New Orleans Campaign For Grade-Level Reading, United Way Unveil The Kay Fennelly Summer Literacy Institute


NEW ORLEANS — The New Orleans Campaign for Grade-Level Reading and United Way of Southeast Louisiana unveiled on Thursday the Kay Fennelly Summer Literacy Institute – a summer pilot program that addresses the lack of literacy-rich summer programming in New Orleans.

The program aims to reach at least 500 low-income New Orleans children entering kindergarten through third grade to ensure that they have access to a quality, literacy-rich summer program.


The Institute, held in partnership with the New Orleans Recreation Development Commission, provides staff training workshops, materials, and ongoing literacy specialist coaching to 16 local summer program providers that are eager to preventing summer learning loss by enhancing or establishing robust literacy development components in their activities.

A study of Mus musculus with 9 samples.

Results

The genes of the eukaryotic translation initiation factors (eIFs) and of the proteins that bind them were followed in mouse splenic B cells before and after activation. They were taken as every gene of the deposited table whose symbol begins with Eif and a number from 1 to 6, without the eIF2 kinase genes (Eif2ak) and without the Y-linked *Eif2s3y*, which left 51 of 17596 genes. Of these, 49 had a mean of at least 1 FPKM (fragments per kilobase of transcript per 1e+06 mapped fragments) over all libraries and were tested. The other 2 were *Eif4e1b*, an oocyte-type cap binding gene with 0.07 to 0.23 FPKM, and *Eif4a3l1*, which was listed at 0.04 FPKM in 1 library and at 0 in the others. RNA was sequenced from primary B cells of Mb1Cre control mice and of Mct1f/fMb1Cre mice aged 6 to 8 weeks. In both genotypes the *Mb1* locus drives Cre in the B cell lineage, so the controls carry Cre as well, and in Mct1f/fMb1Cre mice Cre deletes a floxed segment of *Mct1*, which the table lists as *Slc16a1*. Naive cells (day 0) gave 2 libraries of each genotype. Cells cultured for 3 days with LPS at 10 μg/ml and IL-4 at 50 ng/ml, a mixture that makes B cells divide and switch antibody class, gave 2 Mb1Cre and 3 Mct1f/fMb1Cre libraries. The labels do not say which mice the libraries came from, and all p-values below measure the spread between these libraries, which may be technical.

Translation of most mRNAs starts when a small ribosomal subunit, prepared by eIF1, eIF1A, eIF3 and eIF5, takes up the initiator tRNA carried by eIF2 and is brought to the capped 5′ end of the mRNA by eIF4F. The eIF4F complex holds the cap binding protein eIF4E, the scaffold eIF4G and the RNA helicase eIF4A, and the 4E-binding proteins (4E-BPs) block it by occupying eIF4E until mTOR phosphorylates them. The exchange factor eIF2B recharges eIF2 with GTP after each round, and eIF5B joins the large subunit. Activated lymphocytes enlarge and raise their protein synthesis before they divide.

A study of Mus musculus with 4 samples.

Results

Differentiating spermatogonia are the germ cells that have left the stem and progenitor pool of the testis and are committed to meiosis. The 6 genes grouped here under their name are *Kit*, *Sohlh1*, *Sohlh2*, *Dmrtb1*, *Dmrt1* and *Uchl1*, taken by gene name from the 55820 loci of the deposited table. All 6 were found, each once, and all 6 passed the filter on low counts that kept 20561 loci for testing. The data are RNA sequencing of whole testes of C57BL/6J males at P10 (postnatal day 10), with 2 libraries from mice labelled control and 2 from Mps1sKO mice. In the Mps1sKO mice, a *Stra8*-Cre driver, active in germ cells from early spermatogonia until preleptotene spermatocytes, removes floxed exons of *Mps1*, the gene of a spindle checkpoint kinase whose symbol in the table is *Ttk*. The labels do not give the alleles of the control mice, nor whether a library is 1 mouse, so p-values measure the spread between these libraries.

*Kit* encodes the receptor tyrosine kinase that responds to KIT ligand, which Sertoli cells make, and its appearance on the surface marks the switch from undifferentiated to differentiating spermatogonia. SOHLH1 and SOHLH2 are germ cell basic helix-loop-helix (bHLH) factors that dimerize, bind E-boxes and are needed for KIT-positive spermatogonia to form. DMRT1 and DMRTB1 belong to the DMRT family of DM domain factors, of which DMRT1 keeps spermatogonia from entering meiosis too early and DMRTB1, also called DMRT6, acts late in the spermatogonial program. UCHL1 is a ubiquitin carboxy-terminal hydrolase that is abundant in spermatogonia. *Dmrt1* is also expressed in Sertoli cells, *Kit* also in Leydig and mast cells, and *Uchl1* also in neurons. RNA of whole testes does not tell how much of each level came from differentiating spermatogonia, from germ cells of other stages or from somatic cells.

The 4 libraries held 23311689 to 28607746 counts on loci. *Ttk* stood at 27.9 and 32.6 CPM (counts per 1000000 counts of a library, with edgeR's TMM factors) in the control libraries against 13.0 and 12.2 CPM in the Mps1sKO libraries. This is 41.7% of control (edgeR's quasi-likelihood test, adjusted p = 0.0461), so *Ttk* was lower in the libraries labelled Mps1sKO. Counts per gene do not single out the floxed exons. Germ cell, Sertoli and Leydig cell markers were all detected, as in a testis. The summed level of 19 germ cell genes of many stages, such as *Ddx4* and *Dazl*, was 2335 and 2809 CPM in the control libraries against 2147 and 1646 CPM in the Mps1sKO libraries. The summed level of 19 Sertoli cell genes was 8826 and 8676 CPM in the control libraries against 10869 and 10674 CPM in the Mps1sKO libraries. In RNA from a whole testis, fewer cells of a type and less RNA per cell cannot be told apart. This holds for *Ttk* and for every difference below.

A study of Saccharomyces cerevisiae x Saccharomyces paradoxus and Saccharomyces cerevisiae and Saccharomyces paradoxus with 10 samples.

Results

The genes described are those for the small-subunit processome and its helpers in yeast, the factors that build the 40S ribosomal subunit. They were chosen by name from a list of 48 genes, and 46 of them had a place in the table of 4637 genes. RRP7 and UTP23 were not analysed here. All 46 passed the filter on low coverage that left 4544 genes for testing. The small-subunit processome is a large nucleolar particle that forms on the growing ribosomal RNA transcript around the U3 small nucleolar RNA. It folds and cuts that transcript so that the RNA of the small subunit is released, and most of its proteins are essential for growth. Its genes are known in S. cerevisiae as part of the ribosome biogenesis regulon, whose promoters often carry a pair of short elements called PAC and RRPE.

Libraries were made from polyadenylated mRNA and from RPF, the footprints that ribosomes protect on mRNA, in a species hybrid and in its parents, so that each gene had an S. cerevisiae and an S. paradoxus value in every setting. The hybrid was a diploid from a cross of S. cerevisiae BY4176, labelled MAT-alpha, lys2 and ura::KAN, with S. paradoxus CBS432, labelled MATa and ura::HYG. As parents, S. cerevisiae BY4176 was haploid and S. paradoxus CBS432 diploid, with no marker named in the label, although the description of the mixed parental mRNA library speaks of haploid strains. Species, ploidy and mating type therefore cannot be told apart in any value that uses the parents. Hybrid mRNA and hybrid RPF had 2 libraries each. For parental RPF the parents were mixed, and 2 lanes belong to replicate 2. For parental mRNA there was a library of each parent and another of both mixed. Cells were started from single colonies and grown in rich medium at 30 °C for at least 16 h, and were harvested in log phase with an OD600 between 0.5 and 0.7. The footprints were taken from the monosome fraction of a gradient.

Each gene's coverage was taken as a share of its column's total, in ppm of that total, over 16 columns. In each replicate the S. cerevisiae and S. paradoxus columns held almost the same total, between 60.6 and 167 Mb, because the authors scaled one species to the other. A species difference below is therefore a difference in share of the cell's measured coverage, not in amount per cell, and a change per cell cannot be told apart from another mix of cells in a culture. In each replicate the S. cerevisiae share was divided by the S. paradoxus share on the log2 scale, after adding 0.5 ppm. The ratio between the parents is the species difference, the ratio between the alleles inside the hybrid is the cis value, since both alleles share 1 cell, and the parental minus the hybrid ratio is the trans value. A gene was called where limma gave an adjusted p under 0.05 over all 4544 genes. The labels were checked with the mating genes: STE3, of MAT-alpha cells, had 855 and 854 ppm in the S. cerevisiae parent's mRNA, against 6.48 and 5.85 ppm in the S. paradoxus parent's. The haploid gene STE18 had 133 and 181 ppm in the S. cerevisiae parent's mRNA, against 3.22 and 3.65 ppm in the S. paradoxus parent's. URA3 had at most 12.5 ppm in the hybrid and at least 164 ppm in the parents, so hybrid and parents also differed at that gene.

Summer learning loss, or summer slide, is the loss, or reversal, of academic skills and knowledge that occurs over summer months when children are not in school. Not attending high-quality summer programming can cause low-income students to lose two to three months of learning each summer.


“I am so excited to witness this critical milestone in the New Orleans Grade Level Reading Campaign’s effort to move the needle on reading proficiency in New Orleans,” said Institute of Mental Hygiene Executive Director and NOLA GLR Steering Committee Member Ron McClain. “It is my hope that the Fennelly Institute will serve as a model that ensures that all summer camp experiences for our children include a literacy focus that will serve to limit the learning loss experienced by so many of our children during the summer months away from school.”

The Institute is named in honor of Kay Fennelly, a former educator, thanks to a generous $100,000 gift to UWSELA from her son, David, of Associated Terminals and Turn Services.